The ACT Party’s position is considered to be on the right side of the political spectrum. This means the party has a heavy focus on ideas and values relating to tradition, conservatism and nationalism. Their stance has been considered one of the more ‘extreme’ out of New Zealand’s political landscape and they have mostly worked with the National Party. ACT is one of the smallest parties in Parliament at the moment and as a result has in the past been in coalition or supply and confidence (support) positions in governments. Since 2011, ACT has only gained one seat in Parliament, however at the 2017 General Election they had 39 list candidates (politicians to be elected, should the party receive larger than 5% of the popular vote).
David Seymour is the current ACT Party leader and the only member of his party in Parliament. Seymour has held this position and has been the elected MP for Epsom since 2014.
Seymour grew up in Whangarei before moving to Auckland for high school. He went on to the University of Auckland where he studied electrical engineering and philosophy. This was in part due to the influence of wider family who already worked in the industry. In a career change, Seymour moved to Canada following an offer to become a policy analyst for a think tank.
Upon returning to New Zealand in 2011, Seymour began to advise then ACT Party leader John Banks on charter schools policy. This work was interrupted by another offer to work in Canada, this time for the Reform Party. Two years later, he came back in time for the 2014 General Election. One of Seymour’s most notable achievements has been his work on the End of Life Choice bill which is now a referendum, to be voted on in September, 2020. It was his passion and support for this bill which led him to turn down the offer to become a minister in John Key’s second term Government. He is a firm believer that each individual should have the freedom to make their own decisions and is often outspoken on controversial issues such as the refusal to allow Chelsea Manning (a public speaker with strong right-wing beliefs) to come into NZ in 2018.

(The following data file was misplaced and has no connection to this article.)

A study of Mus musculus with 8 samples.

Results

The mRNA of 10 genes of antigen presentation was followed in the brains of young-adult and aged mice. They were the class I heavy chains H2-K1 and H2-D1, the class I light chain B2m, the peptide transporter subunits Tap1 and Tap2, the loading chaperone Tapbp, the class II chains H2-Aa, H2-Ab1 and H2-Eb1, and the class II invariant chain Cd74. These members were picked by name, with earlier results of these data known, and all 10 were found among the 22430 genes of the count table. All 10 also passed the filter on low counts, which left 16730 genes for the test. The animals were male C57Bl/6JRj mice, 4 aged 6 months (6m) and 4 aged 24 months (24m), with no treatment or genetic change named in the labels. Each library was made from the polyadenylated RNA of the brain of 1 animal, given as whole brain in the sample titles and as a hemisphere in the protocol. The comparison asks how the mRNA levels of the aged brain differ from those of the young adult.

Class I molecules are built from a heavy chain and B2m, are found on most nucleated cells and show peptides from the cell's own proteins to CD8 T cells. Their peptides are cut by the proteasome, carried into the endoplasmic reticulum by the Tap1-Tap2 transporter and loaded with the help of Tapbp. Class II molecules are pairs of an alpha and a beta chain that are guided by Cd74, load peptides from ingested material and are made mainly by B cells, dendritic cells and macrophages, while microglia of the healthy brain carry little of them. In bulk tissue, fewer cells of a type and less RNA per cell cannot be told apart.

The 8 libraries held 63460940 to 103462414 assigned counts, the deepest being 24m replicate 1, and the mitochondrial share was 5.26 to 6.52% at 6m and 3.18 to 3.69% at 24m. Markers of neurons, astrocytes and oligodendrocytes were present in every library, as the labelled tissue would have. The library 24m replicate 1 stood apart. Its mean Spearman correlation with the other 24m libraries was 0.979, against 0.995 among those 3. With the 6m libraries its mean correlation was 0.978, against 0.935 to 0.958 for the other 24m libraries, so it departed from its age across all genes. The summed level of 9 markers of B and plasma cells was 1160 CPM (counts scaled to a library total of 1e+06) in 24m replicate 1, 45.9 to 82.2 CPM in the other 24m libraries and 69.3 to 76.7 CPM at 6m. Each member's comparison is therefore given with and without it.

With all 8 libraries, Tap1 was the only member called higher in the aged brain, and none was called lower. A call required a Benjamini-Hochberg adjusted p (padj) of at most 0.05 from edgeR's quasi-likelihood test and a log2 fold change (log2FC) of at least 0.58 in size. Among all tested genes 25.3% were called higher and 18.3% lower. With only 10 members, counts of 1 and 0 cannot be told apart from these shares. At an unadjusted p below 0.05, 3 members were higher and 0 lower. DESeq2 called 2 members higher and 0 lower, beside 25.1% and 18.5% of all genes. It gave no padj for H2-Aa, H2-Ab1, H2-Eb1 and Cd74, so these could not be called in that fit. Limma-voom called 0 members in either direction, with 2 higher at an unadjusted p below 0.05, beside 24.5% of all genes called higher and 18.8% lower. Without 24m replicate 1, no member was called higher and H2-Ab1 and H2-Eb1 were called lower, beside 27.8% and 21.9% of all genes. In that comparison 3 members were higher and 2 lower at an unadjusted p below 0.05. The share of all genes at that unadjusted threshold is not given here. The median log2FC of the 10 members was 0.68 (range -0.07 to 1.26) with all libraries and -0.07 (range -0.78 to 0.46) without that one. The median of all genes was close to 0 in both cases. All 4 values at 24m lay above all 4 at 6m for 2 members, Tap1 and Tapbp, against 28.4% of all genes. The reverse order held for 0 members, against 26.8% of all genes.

Brooke van Velden
Brooke Van Velden switched from being a Green Party supporter to an ACT Party supporter while studying economics at Auckland University. Prior to her leadership role, Van Velden worked as a staffer for Leader David Seymour and was one of the driving forces behind the End of Life Choice Bill. She has been Deputy Leader since June 2020.
The ACT Party was founded in 1993. This was the year that a public referendum decided that Aotearoa would move to an MMP Parliamentary system. Originally ACT stood for ‘Association of Consumers and Taxpayers’. The party was created by former Labour Minister for Finance, Sir Roger Douglas (the namesake of ‘Rogernomics’) and former National cabinet Minister Derek Quigley. It was an interesting position to be starting from, with a new political system and a founder from each of our major parties.
Each party has a core set of values. ACT was founded upon a mission and two key principles, which continue to influence their decisions today.
Mission: "ACT believes that public policy matters. There are many things we as a nation cannot easily change about New Zealand. We cannot change our size, population, location or endowment of natural resources. Public policy, by contrast, is entirely in our hands. ACT, as a constructive and solutions-focused political party, exists to promote and implement better policy for all New Zealanders, particularly through reducing the role of Government and increasing the role of free markets."
- That it is inherent in the nature of human beings as individuals that they are the owners of their own lives and must be free to act according to their own judgments so long as they accept and respect the like freedom of others; and
- That the proper purpose of Government is to enact and enforce laws, and to take such action as may be necessary to secure freedom of the individual from the actions of others, including those others who constitute the Government, which could constrain individuals from exercising ownership of their own lives."